I bought a Powerball ticket the other day, and it nearly ruined my weekend.

Ordinarily, I’m not a big customer of the lottery industry. But every once in awhile, when the jackpot reaches stratospheric levels, I’ll reach for my wallet and pay what some refer to as “the stupidity tax.”

So it was that not long before Christmas, when the Powerball bundle was heading toward $500 million, I took the plunge.

At first, like most lottery ticket buyers, I found myself focusing on the jackpot.

What would I do with that sort of money? Even after taxes, that’s a Scrooge McDuck-sized pile of cash.

The possibilities were nearly endless:

•Travel — post COVID — was on the list.

•So was making sure that our grandchildren’s college education was taken care of. We’ve started 529 plans for all of them, but this would take things to a whole new level.

•And while our kids are doing well, it would be wonderful to assure a meaningful measure of security for their futures.

•Meanwhile, there’s a piece of lakefront property in New Hampshire that Connie and I have often dreamed of.

Those were just the self-indulgent things on the list. At the same time, there were many good things that could be done on a community level:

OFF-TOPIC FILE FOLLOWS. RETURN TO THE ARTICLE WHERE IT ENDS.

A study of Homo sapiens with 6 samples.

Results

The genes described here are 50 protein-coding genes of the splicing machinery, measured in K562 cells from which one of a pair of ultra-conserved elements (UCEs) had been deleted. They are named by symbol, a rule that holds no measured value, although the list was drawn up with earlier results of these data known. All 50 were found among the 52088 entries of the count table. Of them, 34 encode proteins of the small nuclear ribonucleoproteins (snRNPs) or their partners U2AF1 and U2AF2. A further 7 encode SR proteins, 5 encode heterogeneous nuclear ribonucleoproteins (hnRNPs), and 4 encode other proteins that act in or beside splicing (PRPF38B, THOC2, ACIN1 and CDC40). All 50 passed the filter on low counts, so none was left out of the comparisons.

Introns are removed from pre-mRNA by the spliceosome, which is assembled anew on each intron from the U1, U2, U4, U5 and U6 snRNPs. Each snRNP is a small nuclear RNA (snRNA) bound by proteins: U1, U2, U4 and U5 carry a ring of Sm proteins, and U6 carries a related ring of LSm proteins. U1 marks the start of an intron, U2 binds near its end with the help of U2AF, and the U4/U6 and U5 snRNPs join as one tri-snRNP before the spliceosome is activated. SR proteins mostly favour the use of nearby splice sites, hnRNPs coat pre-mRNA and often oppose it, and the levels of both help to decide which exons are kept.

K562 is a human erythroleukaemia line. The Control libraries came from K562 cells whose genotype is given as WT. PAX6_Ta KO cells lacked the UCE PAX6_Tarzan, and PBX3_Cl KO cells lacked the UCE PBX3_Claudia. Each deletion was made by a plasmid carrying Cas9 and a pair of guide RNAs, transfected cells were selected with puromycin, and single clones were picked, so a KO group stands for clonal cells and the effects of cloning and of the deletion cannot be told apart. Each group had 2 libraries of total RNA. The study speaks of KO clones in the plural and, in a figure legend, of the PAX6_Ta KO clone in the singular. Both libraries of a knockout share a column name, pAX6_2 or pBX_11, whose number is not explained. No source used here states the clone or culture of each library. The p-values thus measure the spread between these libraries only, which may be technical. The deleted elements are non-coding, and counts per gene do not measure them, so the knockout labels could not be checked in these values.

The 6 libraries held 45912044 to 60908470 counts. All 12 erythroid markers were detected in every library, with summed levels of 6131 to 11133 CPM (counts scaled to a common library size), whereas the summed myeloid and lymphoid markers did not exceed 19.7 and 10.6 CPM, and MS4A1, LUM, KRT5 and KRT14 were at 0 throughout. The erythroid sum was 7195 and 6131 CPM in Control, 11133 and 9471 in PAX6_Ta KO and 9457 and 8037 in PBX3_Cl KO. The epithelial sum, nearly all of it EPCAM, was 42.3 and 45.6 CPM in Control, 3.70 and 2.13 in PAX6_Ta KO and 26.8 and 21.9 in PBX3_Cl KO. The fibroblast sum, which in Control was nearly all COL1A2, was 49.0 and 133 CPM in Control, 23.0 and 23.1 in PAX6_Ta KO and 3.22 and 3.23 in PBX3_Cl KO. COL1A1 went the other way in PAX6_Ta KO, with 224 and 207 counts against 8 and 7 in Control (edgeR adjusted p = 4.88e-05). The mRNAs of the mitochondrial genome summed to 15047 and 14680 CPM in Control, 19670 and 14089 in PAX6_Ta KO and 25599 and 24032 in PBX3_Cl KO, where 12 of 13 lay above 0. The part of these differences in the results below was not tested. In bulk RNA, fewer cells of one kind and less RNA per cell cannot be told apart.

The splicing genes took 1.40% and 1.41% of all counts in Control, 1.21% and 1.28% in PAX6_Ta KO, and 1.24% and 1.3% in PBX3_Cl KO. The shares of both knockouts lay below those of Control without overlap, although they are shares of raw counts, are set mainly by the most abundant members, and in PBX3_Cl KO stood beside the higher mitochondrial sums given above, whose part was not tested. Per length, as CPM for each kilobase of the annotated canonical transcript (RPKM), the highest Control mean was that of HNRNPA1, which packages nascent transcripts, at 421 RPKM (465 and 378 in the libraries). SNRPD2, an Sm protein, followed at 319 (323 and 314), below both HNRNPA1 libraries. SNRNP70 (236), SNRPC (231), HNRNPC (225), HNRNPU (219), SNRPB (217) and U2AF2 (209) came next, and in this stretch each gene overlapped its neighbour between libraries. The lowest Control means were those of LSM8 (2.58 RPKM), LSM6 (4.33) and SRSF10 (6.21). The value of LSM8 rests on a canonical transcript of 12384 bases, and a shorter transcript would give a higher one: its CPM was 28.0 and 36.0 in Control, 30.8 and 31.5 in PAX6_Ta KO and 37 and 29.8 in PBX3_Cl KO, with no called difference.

•Endowments for Arts Place, John Jay Center for Learning, Jay Community Center, Friends of the Limberlost and Jay County Public Library.

•With that kind of money, I daydreamed, I could be a one-man redevelopment commission, a kind of a force of nature for rescuing local downtowns. The former Stewart Brothers Furniture building would be acquired to become the new home for Dunkirk’s library and the Glass Museum. Downtown Portland and downtown Redkey would get serious facelifts. Unencumbered by local politics and second-guessing, I’d go all out.

And then, just as quickly as the daydreams began, misgivings materialized:

•How would that kind of windfall affect my friendships? Would it create a barrier? Would I become the bank of last resort for acquaintances who had fallen on hard times?

•Would we have to move? Would we have to go somewhere that could provide some measure of anonymity?

•How could we help our grandchildren and children without ruining their lives? It’s one thing to help, but you don’t want to create dependency. No one wants to create a generation of “trust fund babies.” At least, I don’t.

And finally, just about the time I pulled into the driveway at home, there was something more.

At this stage in my life — I think it was Garrison Keillor who referred to it as the time when the closing credits begin to roll — it’s inevitable that I find myself wondering how I want to be remembered after I’m gone.

For me, the answers were simple. I want to be remembered as a good husband, as a good father, as a good boss, as someone who had an impact on his community and as someone who tried to make a difference in the world.

Would I trade all that to be remembered as “the guy who won the Powerball”?

The answer was no.

But I have to say that the question bothered me all weekend. I could feel the lottery ticket in the pocket of my jeans, and for all I knew it was a winner.

So it was a relief Monday to find out that the jackpot was growing and my ticket was just another piece of paper to be recycled.

I don’t think I have ever felt luckier.